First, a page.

Fiber is an essential part of a healthy diet, yet it is a nutrient that is under-consumed by the majority of Americans. I, too, fall into the majority and understand how difficult it is to meet the daily recommended intake. I am attempting to address my shortfall by adding wheat bran to my morning meal, but the challenge is even harder with my three growing children. Given their ever-changing palates, products containing fortified fibers are tremendously helpful.
A study led by Marla M. Reicks, Ph.D., professor, Department of Food Science and Nutrition, University of Minnesota, St. Paul, found that most children and adults in the U.S. are falling far short of the daily fiber intake recommended by the Institute of Medicine (Nutrition Research, 34(3):226–234). While adults need 25 to 30 grams of fiber per day (based on a metric of daily caloric intake—12.5 grams of fiber per 1,000 calories consumed are recommended), only about half of Americans meet this standard.
Why is this lack of fiber problematic? Because fiber not only offers a range of health benefits, it also helps prevent many of the chronic illnesses currently plaguing Americans. From keeping digestive tracts working properly to boosting weight loss to protecting against cardiovascular disease and helping to prevent diabetes, increasing fiber intake could make a tremendous impact on health. Continued fiber deficiency exacerbates costly chronic conditions that put a strain on our health-care system. But despite public awareness of these clear benefits, Americans are still not getting enough fiber.
Products fortified with fiber may help increase fiber consumption across all generations. We often look for the easiest, quickest way to improve our health, and fortified fiber products are a convenient solution, allowing an increase of fiber consumption while maintaining typical shopping and eating habits. Research from Mintel, Chicago—as reported in “Mintel Serves Up 5 Key Food and Drink Trends for 2015” on Feb. 2, 2015—found that 80 percent of U.S. consumers are looking to purchase products with nutritional claims, including those with fortified fiber—and producers are taking note.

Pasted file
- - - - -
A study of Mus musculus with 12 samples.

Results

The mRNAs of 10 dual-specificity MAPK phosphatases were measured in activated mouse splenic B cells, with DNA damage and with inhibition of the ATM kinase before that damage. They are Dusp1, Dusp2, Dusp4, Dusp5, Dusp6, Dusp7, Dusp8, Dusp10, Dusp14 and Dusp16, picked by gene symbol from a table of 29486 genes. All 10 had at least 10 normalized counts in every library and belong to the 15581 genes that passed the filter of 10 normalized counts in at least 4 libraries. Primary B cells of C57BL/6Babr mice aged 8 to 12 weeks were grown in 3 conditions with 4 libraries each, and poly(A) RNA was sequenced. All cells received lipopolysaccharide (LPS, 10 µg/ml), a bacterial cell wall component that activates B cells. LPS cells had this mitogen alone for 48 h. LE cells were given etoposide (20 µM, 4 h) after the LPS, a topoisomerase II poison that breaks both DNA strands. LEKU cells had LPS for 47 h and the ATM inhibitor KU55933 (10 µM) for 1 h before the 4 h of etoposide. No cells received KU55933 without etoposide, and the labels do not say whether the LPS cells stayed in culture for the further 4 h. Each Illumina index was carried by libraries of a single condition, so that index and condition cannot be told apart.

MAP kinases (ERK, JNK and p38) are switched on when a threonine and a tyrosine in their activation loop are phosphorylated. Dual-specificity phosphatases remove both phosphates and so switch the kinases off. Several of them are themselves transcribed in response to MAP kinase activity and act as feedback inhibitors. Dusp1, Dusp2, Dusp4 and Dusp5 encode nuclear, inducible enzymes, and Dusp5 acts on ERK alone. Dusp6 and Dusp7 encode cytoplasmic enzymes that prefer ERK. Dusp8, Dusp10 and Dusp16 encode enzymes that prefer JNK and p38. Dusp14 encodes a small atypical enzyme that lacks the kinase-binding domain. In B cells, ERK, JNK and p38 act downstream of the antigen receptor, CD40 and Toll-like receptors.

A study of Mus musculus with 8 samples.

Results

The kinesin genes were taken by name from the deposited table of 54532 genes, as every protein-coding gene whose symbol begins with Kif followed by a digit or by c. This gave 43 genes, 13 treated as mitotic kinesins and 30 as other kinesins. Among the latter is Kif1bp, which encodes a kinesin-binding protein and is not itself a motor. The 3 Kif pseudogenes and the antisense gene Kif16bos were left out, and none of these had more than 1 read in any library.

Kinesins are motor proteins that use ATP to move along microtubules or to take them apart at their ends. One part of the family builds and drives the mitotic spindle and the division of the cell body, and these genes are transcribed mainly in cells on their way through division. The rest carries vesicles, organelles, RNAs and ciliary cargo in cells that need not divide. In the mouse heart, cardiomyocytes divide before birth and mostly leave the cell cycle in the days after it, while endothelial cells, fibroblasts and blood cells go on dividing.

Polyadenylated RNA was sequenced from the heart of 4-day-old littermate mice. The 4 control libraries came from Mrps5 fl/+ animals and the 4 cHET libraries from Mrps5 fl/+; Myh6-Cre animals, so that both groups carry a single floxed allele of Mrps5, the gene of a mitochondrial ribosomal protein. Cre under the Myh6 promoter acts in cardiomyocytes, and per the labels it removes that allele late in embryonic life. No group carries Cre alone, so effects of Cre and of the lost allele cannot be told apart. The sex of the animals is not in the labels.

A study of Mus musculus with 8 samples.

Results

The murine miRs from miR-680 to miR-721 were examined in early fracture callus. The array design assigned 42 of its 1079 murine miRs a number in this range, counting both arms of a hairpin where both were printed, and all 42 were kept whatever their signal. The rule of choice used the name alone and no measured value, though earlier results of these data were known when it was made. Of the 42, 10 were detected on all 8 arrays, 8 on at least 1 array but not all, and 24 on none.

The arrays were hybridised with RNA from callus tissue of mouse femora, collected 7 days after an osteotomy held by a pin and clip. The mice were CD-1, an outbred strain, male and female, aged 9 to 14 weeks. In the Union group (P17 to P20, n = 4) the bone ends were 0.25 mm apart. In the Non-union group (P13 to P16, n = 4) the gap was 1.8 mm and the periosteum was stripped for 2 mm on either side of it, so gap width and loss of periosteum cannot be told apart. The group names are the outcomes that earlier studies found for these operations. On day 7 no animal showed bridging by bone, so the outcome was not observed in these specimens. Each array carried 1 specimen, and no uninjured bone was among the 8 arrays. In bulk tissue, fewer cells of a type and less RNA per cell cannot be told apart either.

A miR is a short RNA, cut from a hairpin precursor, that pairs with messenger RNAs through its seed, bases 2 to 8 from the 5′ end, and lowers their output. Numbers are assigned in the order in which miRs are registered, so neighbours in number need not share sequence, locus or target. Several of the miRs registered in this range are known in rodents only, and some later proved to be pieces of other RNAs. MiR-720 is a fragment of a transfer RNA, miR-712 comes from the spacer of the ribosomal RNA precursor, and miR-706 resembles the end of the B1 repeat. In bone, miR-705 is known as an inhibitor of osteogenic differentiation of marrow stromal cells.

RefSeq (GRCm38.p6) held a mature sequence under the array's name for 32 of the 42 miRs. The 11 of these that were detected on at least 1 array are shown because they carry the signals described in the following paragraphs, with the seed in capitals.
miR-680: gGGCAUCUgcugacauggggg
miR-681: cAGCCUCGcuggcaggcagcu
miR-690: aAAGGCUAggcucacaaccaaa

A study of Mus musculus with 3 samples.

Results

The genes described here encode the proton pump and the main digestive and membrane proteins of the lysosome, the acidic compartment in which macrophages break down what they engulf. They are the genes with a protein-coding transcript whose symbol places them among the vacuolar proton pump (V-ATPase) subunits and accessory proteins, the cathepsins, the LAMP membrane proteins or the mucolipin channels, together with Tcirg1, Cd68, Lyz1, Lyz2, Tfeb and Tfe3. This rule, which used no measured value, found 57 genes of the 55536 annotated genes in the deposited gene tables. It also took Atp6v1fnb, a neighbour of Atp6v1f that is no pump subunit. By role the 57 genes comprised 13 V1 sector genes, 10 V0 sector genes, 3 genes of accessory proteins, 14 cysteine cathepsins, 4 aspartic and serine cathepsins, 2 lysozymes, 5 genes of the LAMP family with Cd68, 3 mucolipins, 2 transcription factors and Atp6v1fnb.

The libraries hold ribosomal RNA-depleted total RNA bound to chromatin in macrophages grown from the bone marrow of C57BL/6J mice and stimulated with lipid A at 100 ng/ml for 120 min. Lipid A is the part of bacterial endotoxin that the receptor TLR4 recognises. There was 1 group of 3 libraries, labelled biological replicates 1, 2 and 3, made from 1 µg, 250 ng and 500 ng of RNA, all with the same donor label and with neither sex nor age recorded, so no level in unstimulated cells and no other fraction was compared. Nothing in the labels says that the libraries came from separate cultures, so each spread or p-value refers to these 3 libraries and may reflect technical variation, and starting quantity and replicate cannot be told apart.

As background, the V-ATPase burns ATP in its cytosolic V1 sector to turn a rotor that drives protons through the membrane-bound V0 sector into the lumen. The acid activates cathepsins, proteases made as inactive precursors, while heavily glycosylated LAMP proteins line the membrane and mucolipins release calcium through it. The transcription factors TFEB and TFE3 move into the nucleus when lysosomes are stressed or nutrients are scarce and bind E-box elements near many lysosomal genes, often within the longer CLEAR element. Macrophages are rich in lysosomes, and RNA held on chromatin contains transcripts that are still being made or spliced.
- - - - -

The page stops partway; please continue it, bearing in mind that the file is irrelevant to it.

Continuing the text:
Bread, which bakers have fortified with fiber for a long time, now finds company with a wider diversity of fiber-fortified products. According to Mintel, between 2013 and 2014, consumer research found that the number of products claiming to be “high in fiber” or have “added fiber” has increased compared to prior years. The increased variety and sheer number of products available, paired with consumer demand, means this health trend is impacting business.
A diverse range of products with added fiber —including breads, buns and rolls, breakfast and nutrition bars—are now found on grocery store shelves with increasing regularity. And with the forthcoming 2015 Dietary Guidelines for Americans anticipated for release by the end of this year, fiber is expected to continue as a nutrient that is top-of-mind for numerous domestic sectors, including consumers in general, health-care professionals and the food industry. This will not only justify companies’ investment in the development of fiber-fortified products, but also ensure that the marketing, labeling and promotion of these products will continue to be a priority.
While more fiber-fortified products continue to hit store shelves and provide an often-needed boost to an individual’s fiber intake, they are not the sole solution to this widespread deficiency. Fiber-fortified foods often rely on isolated fibers like inulin, polydextrose and oligofructose. While products containing these components help increase the number of fiber grams consumed on a daily basis, they sometimes lack the wide variety of vitamins, minerals and nutrients that naturally fiber-filled foods contain.
Furthermore, researchers and regulatory bodies debate whether the benefits of fortified foods outweigh the complications some specific fiber ingredients can sometimes cause, including bloating and gas. Meanwhile, nutritional ingredient suppliers continue to develop new, effective fibers for use in a wide range of snack and bakery products. Regardless, I hope to see more studies on the physiological impact of isolated and dietary fibers. Consuming a mixture of both fortified and naturally fiber-rich foods, such as whole grains, legumes and vegetables like broccoli or potatoes, is likely the best recommendation for closing the fiber nutrient gap—and a strategy that the food industry should clearly communicate to consumers.
For my family, I aim to include natural fibers at dinnertime, whether through whole-grain pastas or a cup of broccoli, while using fiber-fortified snacks and other options as supplements. I continue to enjoy a morning bowl of bran cereal to ensure that I am keeping my heart healthy and trying to meet the recommended intake. Perhaps with the forthcoming Dietary Guidelines, there will be greater awareness and acceptance of fiber-fortified products to close our national fiber nutrient gap.